The Telegraph
Since 1st March, 1999

It was a time of fear, flux and uncertainty. The United Nations responded...calling on increased cooperation between countries to prevent and suppress terrorism. The North Atlantic Treaty Organization invoked Article 5, claiming an attack on any NATO member country is an attack on all of NATO...The council of Europe condemned the attacks, called for solidarity, and also called for increased cooperation in criminal matters. Later the council of Europe parliamentary assembly called on countries to ratify conventions combating terrorism, lift any reservations in these agreements, extend the mandate of police working groups to include “terrorist messages”...

The European Union responded similarly, pushing for a European arrest warrant, common legislative frameworks for terrorism, increasing intelligence and police cooperation, freezing assets and ensuring passage of the money laundering. The Organisation for Economic Cooperation and Development furthered its support for the financial action task force on money laundering and, along with the G-7 and the European Commission, called for the extension of its mandate to combat terrorist financing. These calls for international cooperation were perceived by many as impetus to create new laws.

The European Commission considered requiring every member state of the European Union to make cyber-attacks punishable as a terrorist offence. New Zealand minimized public consultation on a proposed law to freeze the financial assets of suspected terrorists because the government felt it was bound by UN security council resolutions. France expanded police powers to search private property without warrants. Germany reduced authorization restraints on interception of communications, and increased data sharing between law enforcement and national security agencies. Australia and Canada both introduced laws to redefine terrorist activity and to grant powers of surveillance to national security agencies...for domestic purposes if terrorist activity or a terrorist affiliation is suspected. India passed a law to allow authorities to detain suspects without trial, conduct increased wiretapping, and seize funds and property. The United Kingdom passed a law permitting the retention of data for law enforcement purposes in contravention to existing data protection rules. The US passed a number of laws...which increases surveillance powers and minimizes oversight and due process requirements.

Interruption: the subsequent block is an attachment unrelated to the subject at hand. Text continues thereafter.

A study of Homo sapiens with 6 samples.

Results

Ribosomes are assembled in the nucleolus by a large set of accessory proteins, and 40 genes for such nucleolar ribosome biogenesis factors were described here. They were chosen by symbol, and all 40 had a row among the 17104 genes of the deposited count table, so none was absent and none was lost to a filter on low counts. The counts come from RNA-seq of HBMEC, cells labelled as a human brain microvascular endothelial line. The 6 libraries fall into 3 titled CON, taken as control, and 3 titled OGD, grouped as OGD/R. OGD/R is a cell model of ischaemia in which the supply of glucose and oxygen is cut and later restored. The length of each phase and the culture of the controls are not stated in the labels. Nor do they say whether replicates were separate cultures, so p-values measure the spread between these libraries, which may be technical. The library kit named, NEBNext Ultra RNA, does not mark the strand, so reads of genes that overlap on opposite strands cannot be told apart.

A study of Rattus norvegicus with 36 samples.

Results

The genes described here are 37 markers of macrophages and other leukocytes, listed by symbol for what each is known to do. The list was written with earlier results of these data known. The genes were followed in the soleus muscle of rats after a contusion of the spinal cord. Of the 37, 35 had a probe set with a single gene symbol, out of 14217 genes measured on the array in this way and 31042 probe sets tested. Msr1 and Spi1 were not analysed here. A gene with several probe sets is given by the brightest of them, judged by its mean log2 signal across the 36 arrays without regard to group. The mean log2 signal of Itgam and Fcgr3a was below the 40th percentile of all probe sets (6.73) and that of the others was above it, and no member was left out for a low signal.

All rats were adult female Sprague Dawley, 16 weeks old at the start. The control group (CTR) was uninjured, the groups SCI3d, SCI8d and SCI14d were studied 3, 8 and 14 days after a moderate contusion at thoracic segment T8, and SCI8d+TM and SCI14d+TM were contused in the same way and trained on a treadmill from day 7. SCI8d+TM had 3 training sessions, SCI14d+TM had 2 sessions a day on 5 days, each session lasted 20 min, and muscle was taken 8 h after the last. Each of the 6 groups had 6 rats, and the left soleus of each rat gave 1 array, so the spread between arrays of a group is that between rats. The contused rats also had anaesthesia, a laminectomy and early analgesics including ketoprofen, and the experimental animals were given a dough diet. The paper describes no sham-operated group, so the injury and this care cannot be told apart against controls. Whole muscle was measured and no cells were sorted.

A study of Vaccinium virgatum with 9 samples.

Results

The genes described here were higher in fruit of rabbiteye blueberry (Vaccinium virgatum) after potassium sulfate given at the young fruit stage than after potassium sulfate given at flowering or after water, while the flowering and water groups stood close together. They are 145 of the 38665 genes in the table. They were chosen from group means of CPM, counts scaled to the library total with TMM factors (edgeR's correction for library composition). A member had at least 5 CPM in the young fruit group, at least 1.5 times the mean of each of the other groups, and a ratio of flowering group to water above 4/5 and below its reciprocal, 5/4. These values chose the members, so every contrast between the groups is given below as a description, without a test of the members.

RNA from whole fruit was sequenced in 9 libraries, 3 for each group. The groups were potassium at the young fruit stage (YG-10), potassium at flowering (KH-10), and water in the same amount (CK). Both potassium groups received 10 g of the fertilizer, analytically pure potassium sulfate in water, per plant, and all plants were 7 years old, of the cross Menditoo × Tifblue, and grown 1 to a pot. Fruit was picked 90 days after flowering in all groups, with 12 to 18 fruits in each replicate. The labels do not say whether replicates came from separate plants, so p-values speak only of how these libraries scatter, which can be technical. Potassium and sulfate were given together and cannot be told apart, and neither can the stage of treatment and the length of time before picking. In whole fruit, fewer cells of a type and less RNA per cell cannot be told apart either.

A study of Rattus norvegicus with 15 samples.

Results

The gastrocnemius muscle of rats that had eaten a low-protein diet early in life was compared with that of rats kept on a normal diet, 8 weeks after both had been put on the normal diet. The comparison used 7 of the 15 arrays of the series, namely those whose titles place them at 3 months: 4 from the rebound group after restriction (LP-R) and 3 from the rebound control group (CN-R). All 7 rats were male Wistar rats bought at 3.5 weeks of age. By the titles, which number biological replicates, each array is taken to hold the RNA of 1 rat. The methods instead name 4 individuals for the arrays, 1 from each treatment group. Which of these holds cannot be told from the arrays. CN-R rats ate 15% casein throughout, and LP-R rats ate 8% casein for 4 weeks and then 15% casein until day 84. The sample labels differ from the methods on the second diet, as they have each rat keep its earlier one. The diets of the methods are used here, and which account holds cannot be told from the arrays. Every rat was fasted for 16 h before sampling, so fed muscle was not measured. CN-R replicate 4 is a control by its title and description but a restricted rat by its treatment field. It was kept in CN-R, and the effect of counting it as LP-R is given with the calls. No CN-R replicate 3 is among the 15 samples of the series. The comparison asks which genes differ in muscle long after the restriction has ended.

The above list of international and national initiatives is not exhaustive. New policies are being proposed every week with the goal of investigating... and suppressing terrorist activity. However, within this deluge of new policy proposals, a number of trends may be identified.

Almost every country that changed its laws to reflect the environment following September 2001 increased the ability of law enforcement and national security agencies to perform interception of communications, and transformed the powers of search and seizure, and an increase in the type of data that can be accessed.